DENVER -- RTD is experiencing some trying times.
It recently announced further delays to the N-Line, and is attributing an escalating number of cancellations, of both bus and train service, to a shortage of operators.
Yet, in spite of those challenges, RTD is busy planning for the future.
General Manager Dave Genova announced Wednesday that RTD will take a "holistic" look at how to redesign transit for the future. He said it's an important task, considering that Metro Denver is expected to grow by more than 30% by 2050.
"As population continues to grow, congestion will continue to increase," he said. "We need to work on ways in which we can combat that congestion."
Genova said one of the solutions to congestion is capacity.
"That's what we have in the public transit industry that many other mobility options don't have — the capacity to move lots and lots of people on our bus system and our rail network."
That planning will happen as RTD struggles to meet current demand.
Genova said the transit agency is short about 50 to 60 light rail operators and about 80 plus bus drivers.
"It is very concerning to me when I see a rider alert that we've dropped a trip for any reason, but especially around an operator shortage," the GM said. "It's the single biggest disruptor (of service.)"
He added that RTD hires hundreds and hundreds of operators every year, but "it's very challenging on the retention side."
When asked what they've done to try to retain drivers, Genova said they've hiked wages "across the board" anywhere from 8 to 12%, and pay incentives for operators to work split shifts, and pay signing and referral bonuses.
Genova said he has a group that is trying to come up with other options, but added that it's difficult because they're competing for the same workforce that many other companies are.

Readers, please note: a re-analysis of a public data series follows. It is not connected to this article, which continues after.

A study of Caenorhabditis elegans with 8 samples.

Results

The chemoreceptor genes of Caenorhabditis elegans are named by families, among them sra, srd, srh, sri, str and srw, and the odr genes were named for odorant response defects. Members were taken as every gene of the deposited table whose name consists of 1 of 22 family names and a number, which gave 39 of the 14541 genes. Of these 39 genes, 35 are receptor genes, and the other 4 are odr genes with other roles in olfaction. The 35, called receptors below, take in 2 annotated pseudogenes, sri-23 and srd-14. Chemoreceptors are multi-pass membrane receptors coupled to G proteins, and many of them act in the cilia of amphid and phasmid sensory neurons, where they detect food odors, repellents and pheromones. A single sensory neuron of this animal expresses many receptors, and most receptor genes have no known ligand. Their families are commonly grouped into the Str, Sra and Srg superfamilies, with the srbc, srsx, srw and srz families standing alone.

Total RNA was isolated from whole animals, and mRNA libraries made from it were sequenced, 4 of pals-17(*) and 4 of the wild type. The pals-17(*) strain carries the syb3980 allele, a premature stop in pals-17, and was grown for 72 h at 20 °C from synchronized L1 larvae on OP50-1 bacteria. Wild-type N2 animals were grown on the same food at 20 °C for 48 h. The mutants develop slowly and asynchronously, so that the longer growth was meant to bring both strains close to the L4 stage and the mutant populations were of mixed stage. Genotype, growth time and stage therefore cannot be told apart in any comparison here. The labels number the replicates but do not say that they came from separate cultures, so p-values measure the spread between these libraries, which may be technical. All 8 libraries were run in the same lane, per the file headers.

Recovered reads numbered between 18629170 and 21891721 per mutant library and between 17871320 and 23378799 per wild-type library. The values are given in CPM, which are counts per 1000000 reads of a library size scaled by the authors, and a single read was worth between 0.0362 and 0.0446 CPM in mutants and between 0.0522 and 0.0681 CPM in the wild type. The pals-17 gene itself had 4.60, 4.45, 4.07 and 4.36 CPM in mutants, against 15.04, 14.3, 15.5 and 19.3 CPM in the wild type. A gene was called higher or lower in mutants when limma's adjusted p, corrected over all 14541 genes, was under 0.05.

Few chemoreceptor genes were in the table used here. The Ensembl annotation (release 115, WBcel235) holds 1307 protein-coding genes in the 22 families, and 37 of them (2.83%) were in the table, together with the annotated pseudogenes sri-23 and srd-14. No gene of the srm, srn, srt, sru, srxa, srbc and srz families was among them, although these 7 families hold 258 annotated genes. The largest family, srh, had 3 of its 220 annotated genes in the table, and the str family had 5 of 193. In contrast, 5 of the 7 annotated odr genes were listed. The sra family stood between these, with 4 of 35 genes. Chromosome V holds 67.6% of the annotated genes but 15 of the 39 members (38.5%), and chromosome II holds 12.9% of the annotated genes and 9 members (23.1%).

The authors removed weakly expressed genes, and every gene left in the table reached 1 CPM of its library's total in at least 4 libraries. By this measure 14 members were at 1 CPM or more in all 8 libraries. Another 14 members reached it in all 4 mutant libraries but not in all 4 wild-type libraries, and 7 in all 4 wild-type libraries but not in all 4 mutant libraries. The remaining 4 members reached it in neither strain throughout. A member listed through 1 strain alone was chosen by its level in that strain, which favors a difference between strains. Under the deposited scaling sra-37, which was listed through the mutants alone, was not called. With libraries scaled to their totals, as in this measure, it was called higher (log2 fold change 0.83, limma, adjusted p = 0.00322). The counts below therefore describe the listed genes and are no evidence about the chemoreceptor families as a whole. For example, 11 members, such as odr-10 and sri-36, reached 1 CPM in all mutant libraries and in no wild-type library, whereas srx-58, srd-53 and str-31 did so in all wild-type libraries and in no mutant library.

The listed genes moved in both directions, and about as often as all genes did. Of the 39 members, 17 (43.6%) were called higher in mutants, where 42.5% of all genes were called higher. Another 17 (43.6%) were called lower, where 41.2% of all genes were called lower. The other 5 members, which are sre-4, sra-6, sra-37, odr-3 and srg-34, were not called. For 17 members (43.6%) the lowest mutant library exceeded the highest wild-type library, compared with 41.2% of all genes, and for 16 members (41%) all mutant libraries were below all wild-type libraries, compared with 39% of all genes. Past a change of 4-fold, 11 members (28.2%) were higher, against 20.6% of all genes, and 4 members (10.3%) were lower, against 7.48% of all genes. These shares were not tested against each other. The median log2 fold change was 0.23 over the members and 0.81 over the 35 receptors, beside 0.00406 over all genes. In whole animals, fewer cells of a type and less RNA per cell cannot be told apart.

Isela Rodriguez is part of that workforce. She moved to Denver from Phoenix last march, and immediately applied for a position with RTD, then changed her mind.
"I don't know the city that well," she said, "and in Arizona, your driver's license lasts for 17 years. Here it only lasts for five."
Genova said not all of those who apply for the jobs have the aptitude necessary to perform them.
Operator shortage or not, Genova said they'll look at their entire network of services — bus, light rail, commuter rail, para-transit like Access-a-Ride, and micro-transit like Flex-Ride and figure out where they need to expand and where they need to contract.
RTD Community Engagement Manager Christina Zazueta said there will be a robust effort to engage the community with things like focus groups and surveys, public meetings and online efforts.
When asked if staff members will go onto buses and trains to seek input, she said they might not want to interfere with the ride experience, but will go where riders and non-riders are to get their feedback.
Some riders, like Rodriguez, told Denver7 they want more service in parts of town not currently served.
Others, like Krissy Sickman, who visits regularly from Kansas City, say service is fine the way it is.
"I would say the pluses are the convenience. It's just nice to be able to go from the airport to downtown," Sickman said. "The negative is it's definitely gotten expensive."
Telephone town hall meetings will be held in each of RTD's 15 districts during the month of October. The first such event, a community wide town hall meeting was held Wednesday night.
Genova said the Reimagine RTD effort will cost about $4 million.
When asked why RTD plans to spend that much money planning for the future while still struggling with the present, Genova said, "We need to be responsive and we need to plan for the future, or we're going to be in a worse situation than we are today, in terms of transportation, congestion and the ability to move people."